Thyme is an aromatic, culinary herb which belongs to the mint family, and drying these leaves is very easy. No special equipment is required, and waiting time should be less than two weeks. Its tiny, fragrant leaves impart a mild, comforting flavor, and it can be found in a variety of spice blends from classic poultry seasoning to Middle Eastern za'atar seasoning to Jamaican jerk seasonings.
To dry, cut the thyme just when it has begun to flower, to ensure that you're harvesting the thyme when the leaves contain the most oil. Use a pair of sharp scissors to sever the largest, most healthy looking stems from the base of the plant. Pluck and discard any dead or diseased-looking leaves. Rinse off any dirt under cold tap water, and place the thyme stems on paper towels to dry off. Blot the stems with a paper towel while the towels underneath them are absorbing water. Any moisture left on the thyme can lead to mold growth.
When all of the excess water has been soaked up from the thyme stems, group five or six of them together loosely in a bundle by tying them together at the base of their stems. Hang this bundle upside down in a cool, dry place out of direct sunlight. Good places to hang thyme for drying purposes are closets, cupboards and pantries. The thyme leaves should become dry and brittle within one to weeks, with their color having becoming a slightly paler shade of green. Don't make the mistake of thinking that drying your thyme in the sun will speed up the dehydration process! Direct sunlight is more likely to burn and discolor the thyme, destroying the aromatic oil in the small, delicate leaves.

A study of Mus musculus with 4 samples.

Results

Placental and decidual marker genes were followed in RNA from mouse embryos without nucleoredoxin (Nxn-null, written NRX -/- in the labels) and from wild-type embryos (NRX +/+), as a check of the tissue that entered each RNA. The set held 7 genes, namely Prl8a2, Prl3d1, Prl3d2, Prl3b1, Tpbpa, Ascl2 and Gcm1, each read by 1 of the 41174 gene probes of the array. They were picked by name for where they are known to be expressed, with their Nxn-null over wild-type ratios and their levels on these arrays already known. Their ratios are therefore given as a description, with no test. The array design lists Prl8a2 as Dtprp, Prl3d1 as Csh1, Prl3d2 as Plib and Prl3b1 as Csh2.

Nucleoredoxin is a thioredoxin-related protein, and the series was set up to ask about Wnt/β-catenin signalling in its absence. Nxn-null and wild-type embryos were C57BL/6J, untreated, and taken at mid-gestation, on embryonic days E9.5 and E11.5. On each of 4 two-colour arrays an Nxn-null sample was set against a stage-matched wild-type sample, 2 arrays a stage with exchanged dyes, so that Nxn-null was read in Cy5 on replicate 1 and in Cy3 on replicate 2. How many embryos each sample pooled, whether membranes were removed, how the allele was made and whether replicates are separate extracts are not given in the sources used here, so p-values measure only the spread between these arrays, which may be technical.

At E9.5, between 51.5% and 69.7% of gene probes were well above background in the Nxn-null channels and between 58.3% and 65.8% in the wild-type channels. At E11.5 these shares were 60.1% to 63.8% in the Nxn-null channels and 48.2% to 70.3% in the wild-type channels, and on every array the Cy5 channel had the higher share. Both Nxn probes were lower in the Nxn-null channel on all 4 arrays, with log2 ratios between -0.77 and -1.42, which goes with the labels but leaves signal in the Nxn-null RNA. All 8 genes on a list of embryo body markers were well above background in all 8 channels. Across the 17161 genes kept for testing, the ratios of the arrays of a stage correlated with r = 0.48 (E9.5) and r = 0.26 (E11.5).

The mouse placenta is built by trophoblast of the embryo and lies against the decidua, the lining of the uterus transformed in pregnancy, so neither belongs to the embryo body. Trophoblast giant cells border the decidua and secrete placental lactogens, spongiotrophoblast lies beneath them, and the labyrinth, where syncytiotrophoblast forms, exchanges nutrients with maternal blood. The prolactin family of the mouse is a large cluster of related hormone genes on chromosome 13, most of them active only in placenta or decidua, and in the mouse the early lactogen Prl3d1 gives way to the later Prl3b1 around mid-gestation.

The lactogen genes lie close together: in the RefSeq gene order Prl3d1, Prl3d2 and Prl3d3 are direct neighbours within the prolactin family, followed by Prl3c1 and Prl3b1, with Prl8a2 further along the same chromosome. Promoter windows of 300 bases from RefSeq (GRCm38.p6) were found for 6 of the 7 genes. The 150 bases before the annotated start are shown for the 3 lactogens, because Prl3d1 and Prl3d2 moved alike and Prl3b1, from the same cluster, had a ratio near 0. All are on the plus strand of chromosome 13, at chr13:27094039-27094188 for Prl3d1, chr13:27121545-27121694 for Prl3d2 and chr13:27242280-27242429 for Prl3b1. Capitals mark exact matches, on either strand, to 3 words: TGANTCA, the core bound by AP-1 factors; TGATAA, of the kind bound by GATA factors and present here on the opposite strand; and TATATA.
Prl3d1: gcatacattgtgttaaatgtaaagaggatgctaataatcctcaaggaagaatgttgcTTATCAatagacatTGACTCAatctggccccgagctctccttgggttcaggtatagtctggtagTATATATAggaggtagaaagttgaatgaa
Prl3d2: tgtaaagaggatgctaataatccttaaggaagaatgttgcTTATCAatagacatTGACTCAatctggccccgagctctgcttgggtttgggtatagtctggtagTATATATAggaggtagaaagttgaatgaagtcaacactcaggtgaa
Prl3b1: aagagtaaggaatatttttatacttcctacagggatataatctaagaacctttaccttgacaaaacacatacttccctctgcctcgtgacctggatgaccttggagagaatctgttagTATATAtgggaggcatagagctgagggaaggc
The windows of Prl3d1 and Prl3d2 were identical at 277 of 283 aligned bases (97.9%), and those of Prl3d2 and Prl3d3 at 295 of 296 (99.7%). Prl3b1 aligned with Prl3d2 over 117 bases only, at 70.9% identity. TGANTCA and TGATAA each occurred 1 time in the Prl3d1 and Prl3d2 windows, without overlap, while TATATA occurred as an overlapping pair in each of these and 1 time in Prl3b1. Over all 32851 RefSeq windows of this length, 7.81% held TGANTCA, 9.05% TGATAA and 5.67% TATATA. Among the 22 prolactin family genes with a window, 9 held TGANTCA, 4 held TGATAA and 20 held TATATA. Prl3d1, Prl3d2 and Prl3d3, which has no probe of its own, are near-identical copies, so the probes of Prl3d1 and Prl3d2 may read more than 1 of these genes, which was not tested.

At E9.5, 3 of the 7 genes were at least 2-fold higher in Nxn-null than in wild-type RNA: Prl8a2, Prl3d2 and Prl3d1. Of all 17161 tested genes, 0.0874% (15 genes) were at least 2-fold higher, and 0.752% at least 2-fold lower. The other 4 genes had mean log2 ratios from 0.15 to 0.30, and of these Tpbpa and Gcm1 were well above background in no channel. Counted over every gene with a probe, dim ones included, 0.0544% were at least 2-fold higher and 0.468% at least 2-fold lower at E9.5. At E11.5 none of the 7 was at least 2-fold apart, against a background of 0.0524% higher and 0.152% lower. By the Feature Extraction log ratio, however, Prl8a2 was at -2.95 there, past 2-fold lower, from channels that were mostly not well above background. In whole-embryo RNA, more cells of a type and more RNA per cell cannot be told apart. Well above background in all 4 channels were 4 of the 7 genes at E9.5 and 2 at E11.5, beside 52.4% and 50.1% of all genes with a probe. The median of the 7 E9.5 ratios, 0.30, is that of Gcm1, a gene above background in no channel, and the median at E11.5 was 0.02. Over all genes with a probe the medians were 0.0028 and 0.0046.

When the thyme leaves have fully dried, hold the stems over a sealable plastic bag or plastic container and remove the leaves from the stem by gently and slowly running your forefinger and thumb down the length of the stem while holding it upside down. Most of the leaves should pop off and fall into the bag. As you did during the drying process, place the thyme leaves in a cool, dry place out of direct sunlight.